Cognitive Bibles

A number of years ago my wife, Elena, was talking with a Native American Christian lady. This lady told Elena, "When I hear the Bible in English, I don't have to do anything about it. But when I hear it in my own language, I have to do something about it."

When we hear, read, or have signed to us a Bible translation which is not in our mother tongue, most of us respond as did that Native American lady. Even if we understand, cognitively, what is in that translation, we are not affected by it in all of the ways that God intends for his written Word to affect us.

I suggest that English Bible versions which are not written in our mother tongue English typically impact us cognitively, and not emotively nor volitionally. Yet God has designed our so that we communicate with more than just our cognition. Typically, when we speak or write to someone else, we do more than just give them information. We often are trying to get them to feel the delight we experience with a newborn granddaughter (my delight these days!), or a personal change where you are able to worship God more intimately. Or we may be encouraging someone to change their attitude or behavior. We use natural (mother tongue) English syntax, lexicon, discourse flow, and rhetoric to impact one another with more than just our cognitive faculties, even though cognition is one of the most important elements of what it means to be created in the image of God.

Are you regularly using at least one Bible version which is truly worded in your mother tongue, so that it is able to affect you not only cognitively, but also in every other part of your being? If not, I encourage you to use such an English version. The benefits can be eternal, and can make a difference in how you relate to God and others in your life. And, from my own experience, I can say that you will have to do something about what you read if your Bible is in English that uses the linguistic forms and expressions of your mother tongue, the English that you learned at your mother's knee.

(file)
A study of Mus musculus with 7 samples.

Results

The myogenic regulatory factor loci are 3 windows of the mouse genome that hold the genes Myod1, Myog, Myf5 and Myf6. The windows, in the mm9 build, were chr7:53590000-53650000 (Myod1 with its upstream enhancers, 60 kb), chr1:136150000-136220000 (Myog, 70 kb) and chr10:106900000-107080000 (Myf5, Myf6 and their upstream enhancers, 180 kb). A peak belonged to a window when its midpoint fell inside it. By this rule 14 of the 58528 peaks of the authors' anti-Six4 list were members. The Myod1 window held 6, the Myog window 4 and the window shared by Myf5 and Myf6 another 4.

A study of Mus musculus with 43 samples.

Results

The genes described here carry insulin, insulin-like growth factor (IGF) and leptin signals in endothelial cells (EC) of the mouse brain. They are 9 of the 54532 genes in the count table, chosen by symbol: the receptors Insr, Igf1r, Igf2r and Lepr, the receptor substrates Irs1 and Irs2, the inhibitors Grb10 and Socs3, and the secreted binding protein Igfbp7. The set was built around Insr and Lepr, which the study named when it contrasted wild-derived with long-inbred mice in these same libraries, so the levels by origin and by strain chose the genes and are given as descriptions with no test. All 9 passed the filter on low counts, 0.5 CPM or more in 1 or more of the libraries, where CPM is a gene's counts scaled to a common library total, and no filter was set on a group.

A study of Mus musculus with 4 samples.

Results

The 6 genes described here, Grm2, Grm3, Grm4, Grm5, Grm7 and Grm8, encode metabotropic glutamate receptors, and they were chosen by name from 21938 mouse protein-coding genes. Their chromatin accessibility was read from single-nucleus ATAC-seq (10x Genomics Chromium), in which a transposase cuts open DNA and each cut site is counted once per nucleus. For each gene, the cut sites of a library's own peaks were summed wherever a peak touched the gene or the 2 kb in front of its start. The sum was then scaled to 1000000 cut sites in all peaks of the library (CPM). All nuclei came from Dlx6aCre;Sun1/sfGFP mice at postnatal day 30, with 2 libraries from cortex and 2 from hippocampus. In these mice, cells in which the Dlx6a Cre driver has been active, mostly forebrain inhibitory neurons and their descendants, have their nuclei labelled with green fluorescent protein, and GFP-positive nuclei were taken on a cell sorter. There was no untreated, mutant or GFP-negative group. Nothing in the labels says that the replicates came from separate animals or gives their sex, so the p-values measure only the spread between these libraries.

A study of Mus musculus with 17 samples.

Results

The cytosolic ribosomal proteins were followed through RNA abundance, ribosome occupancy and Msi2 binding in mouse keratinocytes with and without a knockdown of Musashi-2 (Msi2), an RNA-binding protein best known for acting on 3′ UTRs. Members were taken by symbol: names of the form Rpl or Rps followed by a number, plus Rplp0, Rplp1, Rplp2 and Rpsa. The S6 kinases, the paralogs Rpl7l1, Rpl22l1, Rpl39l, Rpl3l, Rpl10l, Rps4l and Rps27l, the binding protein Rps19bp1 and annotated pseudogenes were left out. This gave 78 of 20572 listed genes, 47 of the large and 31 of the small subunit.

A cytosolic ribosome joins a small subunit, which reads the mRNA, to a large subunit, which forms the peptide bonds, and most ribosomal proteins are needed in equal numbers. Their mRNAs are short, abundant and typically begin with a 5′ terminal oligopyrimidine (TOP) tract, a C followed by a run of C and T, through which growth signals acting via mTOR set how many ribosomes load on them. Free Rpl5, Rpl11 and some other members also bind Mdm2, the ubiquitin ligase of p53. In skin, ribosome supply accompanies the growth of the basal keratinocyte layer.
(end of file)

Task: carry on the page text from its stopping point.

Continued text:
Shabat shalom.


At Sat Sep 24, 07:44:00 AM, Blogger Talmida said...

What an interesting thought!

It reminds me of Peter Gzowski's 2 questions to determine whether a person was bilingual or not: In what language do you curse? And in what language do you pray?

Gzowski was the host of one of the most popular programs ever on CBC Radio, and he interviewed enough Canadians (many of whom are or attempt to be bilingual) to have a decent sized sample.

French is not my mother tongue - I didn't start learning it until I was 4 or 5. But I learned it from Sisters at a catholic school, and they taught me to pray in French while my parents taught me to pray at home & church in English. I am very comfortable hearing the Bible in French, sometimes even more so than in English - perhaps because I am more critical of English translations? I don't even know of more than one French one.

However neither the French nor the English scriptures ever affected me the way the Hebrew scriptures do, now that I am learning that language. I am not fluent. I don't even really read, mostly just decipher at this stage. But I feel more in one verse, in the connotations of each word, of what God is trying to convey to me than I ever did in either my mother-tongue or my second language.

Maybe it's just the excitement of reading the Scriptures in the original language, the shininess of something new? It might be that.

But I think that the more languages one knows, the more depth one can draw from the Bible.

At Sat Sep 24, 09:23:00 AM, Blogger Joe said...

First of all I want to thank you for this blog. I have received much valuable information and insight from it.

I have heard that when the Bible was translated into the Inuit language Christ was refered to as the Seal Pup of God, since the Inuit had no point of reference with lambs.

Do you know whether this is true, and if so, how should that affect our understanding of who Christ is?

At Sun Sep 25, 05:19:00 AM, Blogger Wayne Leman said...

I have heard that when the Bible was translated into the Inuit language Christ was refered to as the Seal Pup of God, since the Inuit had no point of reference with lambs.

Joe, I have heard this story, also, but I do not know it is true or not. I have also heard the frequently told story that the Lamb of God was translated as the Pig of God in some language in Papua New Guinea. But then I heard later that the story from New Guinea was just one of those Internet legends that keeps getting repeated. I might be able to find out the facts of the Inuit translation from the Canadian Bible Society.

At Mon Sep 26, 07:16:00 PM, Blogger son of abraham said...

Please define "mother tongue English." For those of us who have English as our mother tongue, this phrase seem pleonastic.

At Tue Sep 27, 11:25:00 PM, Blogger Suzanne E. McCarthy said...

I tried a cognitive translation of a passage from Antigone to get the feel of it - and deal with the Greek font issue at the same time. I found that it was hard to maintain because eventually one has to translate the imagery and metaphors somehow.

In theory I like the idea of a cognitive translation but it is very difficult to achieve.